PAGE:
Health experts in Fairfax County are releasing few details on the state’s first two presumed positive cases of novel coronavirus.
But they did tell Virginians that the risk to the general population is “extremely low” in a news conference that left several questions unanswered, including the name of the cruise line on which the second patient — a Fairfax City man in his 80s — traveled before showing symptoms of the illness in late February.
Dr. Benjamin Schwartz, an epidemiologist with the Fairfax County Health Department, said the patient traveled on a different ship than three Maryland residents who were the first patients in that state to test positive for COVID-19. On Saturday, Egypt announced 45 cases of the virus on another cruise ship that had traveled between the southern Egyptian cities of Aswan and Luxor.
Maryland, Virginia, and the District of Columbia all reported their first cases of the disease within the last week. Schwartz said the state and county would release few details on the Virginia patients in order to protect their privacy.
“I would like the public to know that no additional precautions are recommended at this time,” he said in a news conference Sunday, “beyond the simple precautionary measures that everyone should always take to prevent the spread of influenza and other respiratory illness.”
Officials rushed to schedule the briefing after the state reported its first positive test result late on Saturday. The first patient, a U.S. Marine stationed at Fort Belvoir, tested positive for the virus at Walter Reed Medical Center in Bethesda after returning from official business overseas. The Fairfax City resident was hospitalized on March 5 with fever, cough and shortness of breath and was screened at Virginia’s state laboratory in Richmond after testing negative for the flu, Schwartz said.
The second patient remains hospitalized in stable condition.
Virginia’s Division of Consolidated Laboratory Services announced it was able to perform its own coronavirus testing in late March after weeks of delay. Testing capabilities at health departments across the country were initially limited after kits developed by the Centers for Disease Control and Prevention malfunctioned, falsely flagging the presence of other viruses in many samples.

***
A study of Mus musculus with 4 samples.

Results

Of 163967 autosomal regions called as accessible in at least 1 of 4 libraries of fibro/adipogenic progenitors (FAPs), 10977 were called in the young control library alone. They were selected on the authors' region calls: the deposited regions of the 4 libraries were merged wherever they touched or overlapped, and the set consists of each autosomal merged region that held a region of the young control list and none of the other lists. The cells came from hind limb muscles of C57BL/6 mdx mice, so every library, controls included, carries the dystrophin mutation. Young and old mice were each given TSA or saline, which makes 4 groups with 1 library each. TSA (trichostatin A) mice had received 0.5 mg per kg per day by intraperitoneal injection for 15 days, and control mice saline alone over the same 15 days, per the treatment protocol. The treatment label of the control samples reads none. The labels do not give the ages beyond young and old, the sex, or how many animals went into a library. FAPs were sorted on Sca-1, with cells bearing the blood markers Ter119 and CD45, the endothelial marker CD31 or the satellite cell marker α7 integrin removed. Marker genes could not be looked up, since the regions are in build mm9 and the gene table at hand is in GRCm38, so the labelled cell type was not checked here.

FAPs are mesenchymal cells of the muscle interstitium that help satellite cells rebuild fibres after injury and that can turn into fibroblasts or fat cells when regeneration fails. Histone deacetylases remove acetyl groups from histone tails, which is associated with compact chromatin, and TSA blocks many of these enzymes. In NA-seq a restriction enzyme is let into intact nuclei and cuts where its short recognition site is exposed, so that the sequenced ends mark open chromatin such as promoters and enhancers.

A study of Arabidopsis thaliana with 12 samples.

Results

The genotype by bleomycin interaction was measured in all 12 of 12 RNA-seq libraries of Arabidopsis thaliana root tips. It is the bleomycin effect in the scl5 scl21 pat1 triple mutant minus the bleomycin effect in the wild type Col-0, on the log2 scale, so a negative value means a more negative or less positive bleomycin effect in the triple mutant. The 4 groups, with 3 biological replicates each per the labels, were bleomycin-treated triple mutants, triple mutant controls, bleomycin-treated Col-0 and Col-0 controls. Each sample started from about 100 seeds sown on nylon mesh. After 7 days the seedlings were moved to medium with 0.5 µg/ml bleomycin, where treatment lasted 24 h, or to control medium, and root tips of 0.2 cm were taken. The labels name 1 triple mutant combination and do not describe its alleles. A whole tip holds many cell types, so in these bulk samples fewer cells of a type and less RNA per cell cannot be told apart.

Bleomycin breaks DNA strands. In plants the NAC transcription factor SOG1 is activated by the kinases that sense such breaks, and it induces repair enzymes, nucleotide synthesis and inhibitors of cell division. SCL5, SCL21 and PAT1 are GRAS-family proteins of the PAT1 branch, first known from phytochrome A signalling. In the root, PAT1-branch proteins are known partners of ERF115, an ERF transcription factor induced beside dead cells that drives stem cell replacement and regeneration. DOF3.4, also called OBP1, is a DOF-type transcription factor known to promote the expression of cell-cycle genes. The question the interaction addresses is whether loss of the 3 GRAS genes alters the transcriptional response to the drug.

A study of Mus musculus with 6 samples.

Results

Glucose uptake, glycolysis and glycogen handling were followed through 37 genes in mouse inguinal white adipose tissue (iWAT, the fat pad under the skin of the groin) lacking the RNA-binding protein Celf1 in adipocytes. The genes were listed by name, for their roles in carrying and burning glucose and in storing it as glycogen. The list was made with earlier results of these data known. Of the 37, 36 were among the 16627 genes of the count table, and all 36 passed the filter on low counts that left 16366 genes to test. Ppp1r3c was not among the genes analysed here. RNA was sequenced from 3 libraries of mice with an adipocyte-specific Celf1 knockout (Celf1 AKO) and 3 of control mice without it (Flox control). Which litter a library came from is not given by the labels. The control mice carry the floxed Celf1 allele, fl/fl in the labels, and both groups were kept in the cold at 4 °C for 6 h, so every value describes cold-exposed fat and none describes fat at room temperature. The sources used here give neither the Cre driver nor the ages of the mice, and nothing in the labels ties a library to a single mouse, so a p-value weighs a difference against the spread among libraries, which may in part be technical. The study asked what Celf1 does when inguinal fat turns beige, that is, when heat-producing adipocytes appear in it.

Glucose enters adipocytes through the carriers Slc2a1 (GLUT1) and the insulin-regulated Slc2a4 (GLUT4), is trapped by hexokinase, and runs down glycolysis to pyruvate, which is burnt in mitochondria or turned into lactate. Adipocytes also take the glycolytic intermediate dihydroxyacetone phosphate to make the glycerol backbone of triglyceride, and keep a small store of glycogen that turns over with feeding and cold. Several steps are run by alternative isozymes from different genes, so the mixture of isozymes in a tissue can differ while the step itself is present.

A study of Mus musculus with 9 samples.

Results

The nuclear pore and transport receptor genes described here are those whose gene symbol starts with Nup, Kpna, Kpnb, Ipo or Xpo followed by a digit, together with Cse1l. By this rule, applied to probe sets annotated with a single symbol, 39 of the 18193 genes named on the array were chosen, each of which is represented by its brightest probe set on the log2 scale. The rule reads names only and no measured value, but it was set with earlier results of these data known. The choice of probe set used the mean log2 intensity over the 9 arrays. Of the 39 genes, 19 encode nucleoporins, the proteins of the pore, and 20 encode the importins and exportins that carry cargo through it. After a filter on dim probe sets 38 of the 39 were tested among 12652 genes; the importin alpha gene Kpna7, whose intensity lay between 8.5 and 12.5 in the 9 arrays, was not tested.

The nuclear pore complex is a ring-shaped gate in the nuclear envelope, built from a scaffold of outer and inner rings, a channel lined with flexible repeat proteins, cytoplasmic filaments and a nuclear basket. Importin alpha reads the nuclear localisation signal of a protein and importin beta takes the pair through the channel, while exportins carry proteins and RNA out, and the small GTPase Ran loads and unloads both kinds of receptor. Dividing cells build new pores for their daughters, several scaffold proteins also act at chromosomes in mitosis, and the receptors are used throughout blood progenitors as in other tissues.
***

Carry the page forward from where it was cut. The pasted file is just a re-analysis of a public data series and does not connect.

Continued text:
At a briefing last week, state epidemiologist Dr. Lilian Peake said DCLS could deliver test results within one or two days — a significant reduction from the three days to a week it took to receive results from the CDC. But Virginia is continuing to rely on the federal agency to confirm its first two positives. During Sunday’s briefing, Peake said the state sent both results for further testing at the CDC’s headquarters in Atlanta.
“Both cases had traveled internationally days before developing symptoms,” she added. “The two cases are not related.”
The state is still investigating how far the virus may have spread. Schwartz said both patients were believed to have “limited” exposure to the general public since their return home, but health officials are still examining possible contacts with other people.
DLCS lab director Denise Toney said the state currently had the capacity to test between 300 and 400 people depending on the number of samples taken from each patient. The state has tested a total of 44 people, with six results still pending, according to the Virginia Department of Health.